Hard Histories: What Happens When We Confront the Skeletons in the Closet
The number one question clients ask is how do we approach “hard histories”? What happens if we find something not so nice about our client’s ancestors? Skeletons in the closet, so to speak. In order to answer that I like to provide a personal anecdote about my great uncle Luigi.
When I began piecing my family’s story together I came across family lore about Luigi. Born in Cimitile, Italy in 1898, he sailed with my great-grandparents and his brother, Pasquale, aboard the Duca Di Genova in 1911. The family settled in the Ravenswood neighborhood of Long Island City, Queens. Life was not easy for the family. Luigi, (who went by the Americanized Louis once in the US), went to work right away and on the 1915 New York State Census he is listed as a factory laborer.
My first clue that something was awry was a news article from 1918. I found a Brooklyn Daily Eagle article that reported Louis was arrested and charged with possession of a revolver; apparently he had “quarrelled [sic]” with a trolley driver and had threatened to shoot him. He was sent to the New York Penitentiary.
This article highlighted the beginning of along whispered family story, “Louis went to SingSing but turned his life around.” Louis actually didn’t go to SingSing but he did go to Clinton Prison in upstate New York, and was sentenced to hard labor “...for no less than seven years and no more than fifteen years…”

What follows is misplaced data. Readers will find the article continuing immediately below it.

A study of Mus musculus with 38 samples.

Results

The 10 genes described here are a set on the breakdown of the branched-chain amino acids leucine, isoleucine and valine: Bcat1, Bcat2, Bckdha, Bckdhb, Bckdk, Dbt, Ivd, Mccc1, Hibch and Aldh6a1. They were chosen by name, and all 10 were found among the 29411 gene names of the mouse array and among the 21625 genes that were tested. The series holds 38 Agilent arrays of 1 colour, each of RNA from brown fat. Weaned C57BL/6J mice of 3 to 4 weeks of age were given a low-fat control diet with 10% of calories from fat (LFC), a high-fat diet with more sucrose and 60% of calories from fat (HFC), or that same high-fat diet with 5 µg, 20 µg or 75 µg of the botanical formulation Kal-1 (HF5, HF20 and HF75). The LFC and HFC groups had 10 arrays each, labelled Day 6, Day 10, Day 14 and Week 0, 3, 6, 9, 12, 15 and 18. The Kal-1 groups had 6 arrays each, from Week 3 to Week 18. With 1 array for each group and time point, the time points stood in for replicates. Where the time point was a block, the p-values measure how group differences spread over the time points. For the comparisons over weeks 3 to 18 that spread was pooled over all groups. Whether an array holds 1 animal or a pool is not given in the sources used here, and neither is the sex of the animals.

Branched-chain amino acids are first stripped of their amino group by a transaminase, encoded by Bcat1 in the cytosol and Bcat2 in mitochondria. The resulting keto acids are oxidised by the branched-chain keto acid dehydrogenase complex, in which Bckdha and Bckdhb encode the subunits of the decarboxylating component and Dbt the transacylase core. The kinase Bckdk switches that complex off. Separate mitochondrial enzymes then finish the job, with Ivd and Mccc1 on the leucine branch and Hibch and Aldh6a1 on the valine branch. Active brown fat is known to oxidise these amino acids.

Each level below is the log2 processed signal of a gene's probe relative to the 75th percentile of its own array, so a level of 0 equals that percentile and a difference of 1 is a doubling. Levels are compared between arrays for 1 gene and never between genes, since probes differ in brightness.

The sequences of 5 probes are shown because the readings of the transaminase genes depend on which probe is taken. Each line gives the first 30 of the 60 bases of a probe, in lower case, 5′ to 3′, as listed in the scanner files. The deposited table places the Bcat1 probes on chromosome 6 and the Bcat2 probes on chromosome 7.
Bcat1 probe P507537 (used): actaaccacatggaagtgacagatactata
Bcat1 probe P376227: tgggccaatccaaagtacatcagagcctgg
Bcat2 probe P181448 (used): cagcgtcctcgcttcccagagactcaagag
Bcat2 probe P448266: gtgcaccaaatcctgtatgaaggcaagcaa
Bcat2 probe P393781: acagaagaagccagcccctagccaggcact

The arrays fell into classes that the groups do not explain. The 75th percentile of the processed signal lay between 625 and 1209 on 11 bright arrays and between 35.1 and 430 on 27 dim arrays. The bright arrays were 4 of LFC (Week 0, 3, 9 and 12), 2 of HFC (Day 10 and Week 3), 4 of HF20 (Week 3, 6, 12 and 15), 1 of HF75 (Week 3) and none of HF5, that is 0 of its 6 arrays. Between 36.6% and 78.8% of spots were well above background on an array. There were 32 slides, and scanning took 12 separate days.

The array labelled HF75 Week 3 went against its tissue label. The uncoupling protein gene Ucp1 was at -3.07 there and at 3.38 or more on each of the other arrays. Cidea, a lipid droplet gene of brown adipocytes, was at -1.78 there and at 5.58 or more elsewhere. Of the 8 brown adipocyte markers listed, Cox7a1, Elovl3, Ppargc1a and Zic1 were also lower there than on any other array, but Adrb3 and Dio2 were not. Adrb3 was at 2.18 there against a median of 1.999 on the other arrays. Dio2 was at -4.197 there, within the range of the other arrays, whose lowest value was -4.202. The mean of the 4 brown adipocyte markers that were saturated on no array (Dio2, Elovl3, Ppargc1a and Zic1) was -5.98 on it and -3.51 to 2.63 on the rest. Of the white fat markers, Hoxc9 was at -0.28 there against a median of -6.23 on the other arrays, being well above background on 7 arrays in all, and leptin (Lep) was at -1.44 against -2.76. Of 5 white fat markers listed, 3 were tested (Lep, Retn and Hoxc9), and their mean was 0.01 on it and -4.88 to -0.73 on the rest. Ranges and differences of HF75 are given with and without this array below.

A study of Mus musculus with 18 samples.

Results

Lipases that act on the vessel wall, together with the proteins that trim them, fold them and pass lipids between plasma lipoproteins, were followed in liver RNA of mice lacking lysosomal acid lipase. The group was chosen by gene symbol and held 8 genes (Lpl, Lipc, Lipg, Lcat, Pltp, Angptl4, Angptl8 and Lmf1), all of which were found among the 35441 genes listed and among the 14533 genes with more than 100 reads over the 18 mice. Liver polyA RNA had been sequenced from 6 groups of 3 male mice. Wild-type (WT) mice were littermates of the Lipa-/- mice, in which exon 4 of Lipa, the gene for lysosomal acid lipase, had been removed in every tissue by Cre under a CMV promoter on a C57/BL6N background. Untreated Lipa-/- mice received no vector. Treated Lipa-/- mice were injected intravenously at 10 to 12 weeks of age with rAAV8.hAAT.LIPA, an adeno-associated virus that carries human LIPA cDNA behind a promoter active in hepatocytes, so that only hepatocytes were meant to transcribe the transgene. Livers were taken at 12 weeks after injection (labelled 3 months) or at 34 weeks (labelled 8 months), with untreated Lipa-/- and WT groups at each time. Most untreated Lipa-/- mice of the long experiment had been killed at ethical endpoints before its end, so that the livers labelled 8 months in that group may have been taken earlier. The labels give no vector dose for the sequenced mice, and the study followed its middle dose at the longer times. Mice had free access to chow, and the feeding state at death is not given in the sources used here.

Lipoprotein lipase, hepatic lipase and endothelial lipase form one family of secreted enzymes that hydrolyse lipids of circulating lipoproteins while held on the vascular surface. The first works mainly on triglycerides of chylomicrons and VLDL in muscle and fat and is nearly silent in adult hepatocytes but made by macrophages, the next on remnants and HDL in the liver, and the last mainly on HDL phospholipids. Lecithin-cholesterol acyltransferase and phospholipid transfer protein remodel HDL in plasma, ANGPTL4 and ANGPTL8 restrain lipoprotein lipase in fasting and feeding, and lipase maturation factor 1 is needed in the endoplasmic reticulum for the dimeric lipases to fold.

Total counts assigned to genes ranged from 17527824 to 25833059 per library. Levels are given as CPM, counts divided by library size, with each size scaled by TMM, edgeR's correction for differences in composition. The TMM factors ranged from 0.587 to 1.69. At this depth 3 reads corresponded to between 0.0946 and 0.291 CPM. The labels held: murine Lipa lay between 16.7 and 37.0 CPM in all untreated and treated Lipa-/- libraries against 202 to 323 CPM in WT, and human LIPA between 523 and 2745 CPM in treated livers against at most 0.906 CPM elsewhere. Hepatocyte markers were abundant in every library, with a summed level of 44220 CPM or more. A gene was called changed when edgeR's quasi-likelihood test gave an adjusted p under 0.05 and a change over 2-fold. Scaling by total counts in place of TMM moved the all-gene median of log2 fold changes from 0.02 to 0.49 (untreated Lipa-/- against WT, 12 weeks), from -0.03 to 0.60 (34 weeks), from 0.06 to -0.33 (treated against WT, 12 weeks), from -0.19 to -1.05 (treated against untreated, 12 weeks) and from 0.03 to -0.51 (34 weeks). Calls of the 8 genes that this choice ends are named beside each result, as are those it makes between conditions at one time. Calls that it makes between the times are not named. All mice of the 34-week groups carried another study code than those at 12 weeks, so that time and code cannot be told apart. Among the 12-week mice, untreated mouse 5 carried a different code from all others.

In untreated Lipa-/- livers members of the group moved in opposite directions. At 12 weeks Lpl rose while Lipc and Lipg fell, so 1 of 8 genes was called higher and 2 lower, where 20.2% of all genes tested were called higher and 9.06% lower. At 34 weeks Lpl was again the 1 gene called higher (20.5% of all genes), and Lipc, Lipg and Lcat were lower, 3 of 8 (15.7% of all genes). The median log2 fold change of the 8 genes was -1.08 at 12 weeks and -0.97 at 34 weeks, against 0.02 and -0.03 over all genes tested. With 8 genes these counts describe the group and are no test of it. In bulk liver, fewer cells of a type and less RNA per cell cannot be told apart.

I longed to know more about this story. What happened to Louis? How could this man go from a law-abiding man to a criminal? Thus began my search for my family’s hard history. What was surprising wasn’t that Louis was some sort of wise guy criminal. In fact, a far more complex story emerged of a man that was desperately trying to find and experience the American Dream. Through court records, Census data, newspaper archives, and vital records, I uncovered a nuanced life story, full of ups and downs and the hardships facing many immigrants. The documentation I found of his life defused the long whispered family mythology by making him into an actual person and his story emerged. A story of a man who was unable to find steady work and turned to crime to support his family; a story of a man who was repentant; and, finally, a story of a man who tried to find his version of the American dream.
Being able to add a new understanding to my family-lore has been a welcome gift and one that has helped my relatives appreciate a previously shameful and painful family story.
Do you have a Hard History in your family? Do you want more explanation and context? Contact us at History Bridge Group to see if we can help you!